The Balrog Award, often referred to as the coveted Balrog Award, was created by Jonathan Bacon and first conceived in issue 10/11 of his Fantasy Crossroads fanzine in 1977 and actually announced in the final issue, where he also proposed the Smitty Awards for fantasy poetry. The awards were presented for the first time at Fool-Con II at the Johnson County Community College in Overland Park, Kansas on April 1, 1979. The awards were never taken particularly seriously, even by those who won. The final awards were presented in 1985. A Balrog Award for Novel was presented each of the years the award existed.
Anne McCaffrey first introduced her world of Pern in “Weyr Search,” the cover story of the October 1967 issue of Analog. Although the story had all the trappings of a faux Medieval fantasy tale, McCaffrey claimed from the very beginning that it was a science fiction story, a claim bolstered by its presence in Analog, a science fiction magazine. The story went on to win the Hugo Award and McCaffrey used it in her first Pern novel. By 1978, she had published three novels in the Dragonriders of Pern series and the first two novels in the related Harper Hall series, Dragonsong and Dragonsinger. She had also clearly demonstrated the science fictional underpinnings of her world.
Dragondrums, which won the Balrog Award for Best Novel in 1980, demonstrates a potential problem with award-winning novels. The sixth book in her world, McCaffrey rightfully expects that anyone reading the novel will have read, at the very least, the two previous Harper Hall books and mostly likely the Pern trilogy. She chose to avoid redundancy in writing Dragondrums, assuming that the readers would know the basics of the world, which means that the book is not a good introduction to her world for readers. However, appearing on a list of Balrog winners could, in theory, mean that the book is the entry point for some readers who were trying to catch up on award winners (granted, a more likely supposition if it had won the Hugo or Nebula Award). Someone who is first discovering Pern through Dragondrums will find themselves confused about what is happening, what the relationships are, and how the world works.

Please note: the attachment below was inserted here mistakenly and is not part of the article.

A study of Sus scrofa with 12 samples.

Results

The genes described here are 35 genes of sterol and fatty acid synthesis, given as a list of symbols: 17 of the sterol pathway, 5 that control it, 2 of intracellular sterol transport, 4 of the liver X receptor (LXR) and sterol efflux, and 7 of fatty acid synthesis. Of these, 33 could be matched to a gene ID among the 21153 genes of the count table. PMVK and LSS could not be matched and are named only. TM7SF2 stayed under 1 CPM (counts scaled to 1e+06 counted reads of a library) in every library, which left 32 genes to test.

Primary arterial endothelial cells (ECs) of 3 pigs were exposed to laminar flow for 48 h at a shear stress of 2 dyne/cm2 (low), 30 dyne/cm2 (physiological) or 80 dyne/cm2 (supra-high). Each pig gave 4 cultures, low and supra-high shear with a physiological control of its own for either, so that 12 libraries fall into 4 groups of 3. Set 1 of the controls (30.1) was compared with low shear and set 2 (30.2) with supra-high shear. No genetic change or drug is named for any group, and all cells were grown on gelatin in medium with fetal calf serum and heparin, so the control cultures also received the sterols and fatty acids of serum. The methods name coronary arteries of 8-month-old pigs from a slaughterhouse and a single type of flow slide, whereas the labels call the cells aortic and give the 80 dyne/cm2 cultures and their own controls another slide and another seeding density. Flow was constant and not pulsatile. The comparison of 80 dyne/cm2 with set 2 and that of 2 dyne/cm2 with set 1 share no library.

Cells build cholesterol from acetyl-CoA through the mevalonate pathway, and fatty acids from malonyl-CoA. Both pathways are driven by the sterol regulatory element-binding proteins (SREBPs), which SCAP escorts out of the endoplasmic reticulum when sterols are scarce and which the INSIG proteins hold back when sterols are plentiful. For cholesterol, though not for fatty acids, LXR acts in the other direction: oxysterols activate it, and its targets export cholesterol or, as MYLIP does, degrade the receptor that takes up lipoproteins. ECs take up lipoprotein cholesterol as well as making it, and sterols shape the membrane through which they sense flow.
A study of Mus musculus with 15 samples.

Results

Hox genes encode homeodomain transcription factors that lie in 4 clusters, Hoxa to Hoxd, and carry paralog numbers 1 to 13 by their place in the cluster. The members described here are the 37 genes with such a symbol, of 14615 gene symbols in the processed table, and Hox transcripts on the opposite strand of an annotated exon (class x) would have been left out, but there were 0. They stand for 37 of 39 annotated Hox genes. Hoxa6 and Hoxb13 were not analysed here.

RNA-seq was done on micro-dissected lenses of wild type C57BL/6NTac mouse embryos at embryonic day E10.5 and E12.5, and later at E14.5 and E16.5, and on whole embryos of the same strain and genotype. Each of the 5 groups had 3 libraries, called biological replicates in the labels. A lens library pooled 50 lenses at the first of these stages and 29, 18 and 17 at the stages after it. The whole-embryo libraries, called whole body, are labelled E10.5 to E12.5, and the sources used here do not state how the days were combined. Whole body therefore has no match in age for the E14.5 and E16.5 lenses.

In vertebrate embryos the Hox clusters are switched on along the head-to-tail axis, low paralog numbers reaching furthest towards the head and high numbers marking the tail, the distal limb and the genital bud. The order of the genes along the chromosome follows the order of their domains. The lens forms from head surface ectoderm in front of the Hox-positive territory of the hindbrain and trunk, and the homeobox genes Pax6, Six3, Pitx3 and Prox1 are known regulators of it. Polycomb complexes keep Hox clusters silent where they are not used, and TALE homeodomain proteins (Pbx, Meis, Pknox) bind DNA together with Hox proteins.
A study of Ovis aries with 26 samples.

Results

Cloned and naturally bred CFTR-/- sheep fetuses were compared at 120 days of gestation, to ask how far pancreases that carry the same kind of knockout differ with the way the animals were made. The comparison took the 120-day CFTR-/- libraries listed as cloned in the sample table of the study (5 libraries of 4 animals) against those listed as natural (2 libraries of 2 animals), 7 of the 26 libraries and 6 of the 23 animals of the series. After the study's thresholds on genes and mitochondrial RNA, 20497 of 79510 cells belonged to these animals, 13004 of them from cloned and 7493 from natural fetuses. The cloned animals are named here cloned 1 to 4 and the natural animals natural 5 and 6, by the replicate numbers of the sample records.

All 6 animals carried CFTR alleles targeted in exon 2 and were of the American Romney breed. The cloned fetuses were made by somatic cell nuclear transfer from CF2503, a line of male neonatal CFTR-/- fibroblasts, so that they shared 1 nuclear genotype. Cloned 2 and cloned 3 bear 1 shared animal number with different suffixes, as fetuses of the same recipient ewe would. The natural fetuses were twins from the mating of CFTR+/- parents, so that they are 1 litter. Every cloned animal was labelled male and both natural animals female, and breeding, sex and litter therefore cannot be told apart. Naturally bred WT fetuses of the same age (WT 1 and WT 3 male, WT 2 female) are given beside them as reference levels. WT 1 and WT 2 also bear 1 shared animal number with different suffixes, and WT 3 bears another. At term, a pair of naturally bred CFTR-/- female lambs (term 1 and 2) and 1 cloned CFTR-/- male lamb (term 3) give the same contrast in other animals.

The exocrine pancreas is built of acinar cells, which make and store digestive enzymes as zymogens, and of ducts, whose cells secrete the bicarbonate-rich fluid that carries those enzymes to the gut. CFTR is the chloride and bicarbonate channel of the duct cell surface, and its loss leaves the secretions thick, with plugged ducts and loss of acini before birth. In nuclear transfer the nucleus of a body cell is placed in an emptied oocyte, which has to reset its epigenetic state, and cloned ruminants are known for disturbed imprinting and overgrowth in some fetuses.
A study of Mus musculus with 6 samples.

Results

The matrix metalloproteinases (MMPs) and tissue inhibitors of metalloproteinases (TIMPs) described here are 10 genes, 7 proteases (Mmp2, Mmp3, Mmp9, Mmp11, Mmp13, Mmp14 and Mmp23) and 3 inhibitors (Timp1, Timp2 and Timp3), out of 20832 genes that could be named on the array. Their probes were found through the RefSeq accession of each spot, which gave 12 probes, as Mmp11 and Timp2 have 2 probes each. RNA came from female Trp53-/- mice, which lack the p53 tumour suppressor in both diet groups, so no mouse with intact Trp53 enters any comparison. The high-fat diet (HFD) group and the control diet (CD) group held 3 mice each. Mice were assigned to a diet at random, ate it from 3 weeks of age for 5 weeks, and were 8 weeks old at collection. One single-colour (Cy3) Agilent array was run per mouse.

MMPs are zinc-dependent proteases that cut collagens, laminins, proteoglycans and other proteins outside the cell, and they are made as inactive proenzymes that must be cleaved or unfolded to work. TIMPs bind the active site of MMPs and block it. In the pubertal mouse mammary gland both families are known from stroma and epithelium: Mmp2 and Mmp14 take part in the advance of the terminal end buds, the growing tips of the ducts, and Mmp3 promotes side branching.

Without explanations of how her world works or the political situation set up in the Dragonriders trilogy, the reader can still enjoy Piemur’s adventures as he starts out as a singer in the Harper Hall and must find a new path after his voice changes. However, while the reader of just this volume is aware that the Oldtimers are causing problems and Lord Meron at Nabol Hold is not held in particularly high esteem by the Harpers, the reason for those things is not really explored, relying, as it does, on McCaffrey’s previous writings.
Similarly, Piemur’s desire to connect with a fire lizard is a driving force for him, but the novelty of the fire lizards is ever really discussed in the book. For a full understanding of the creatures, the earlier books in the series are required, and a lot more information would be provided in future novels.
I haven’t read the trilogy in years, and my recollections was a focus on Menolly, but she is very much a support character in Dragondrums with the novel really focusing on Piemur’s story. The Harper Hall series was written as a juvenile companion series to the original novels and over the course of the first two books, Menolly had apparently aged out of the main character role. Piemur was definitely an adolescent in this novel, although one rapidly on his way towards adulthood and responsibility, giving McCaffrey a new character her readers could relate to, even if he exhibited amazing abilities and strokes of luck. It would seem that the introduction of a new viewpoint character would be an invitation to new readers, but already by the time this book was written, McCaffrey’s world was complex enough that the previous works are required for a fully understanding of Piemur’s adventures.
Dragondrums beat out Stephen King’s The Dead Zone and The Stand, Death’s Master, by Tanith Lee, The Drawing of the Dark, by Tim Powers, C.J. Cherryh’s Fires of Azeroth, Harpist in the Wind, by Patricia A. McKillip, The Road to Corlay, by Richard Cowper, The Starfollowers of Coramonde, by Brian Daley, and Robert Bloch’s Strange Eons.
Steven H Silver is a sixteen-time Hugo Award nominee and was the publisher of the Hugo-nominated fanzine Argentus as well as the editor and publisher of ISFiC Press for 8 years. He has also edited books for DAW and NESFA Press. He began publishing short fiction in 2008 and his most recently published story is “Webinar: Web Sites” in The Tangled Web. Steven has chaired the first Midwest Construction, Windycon three times, and the SFWA Nebula Conference 6 times, as well as serving as the Event Coordinator for SFWA. He was programming chair for Chicon 2000 and Vice Chair of Chicon 7.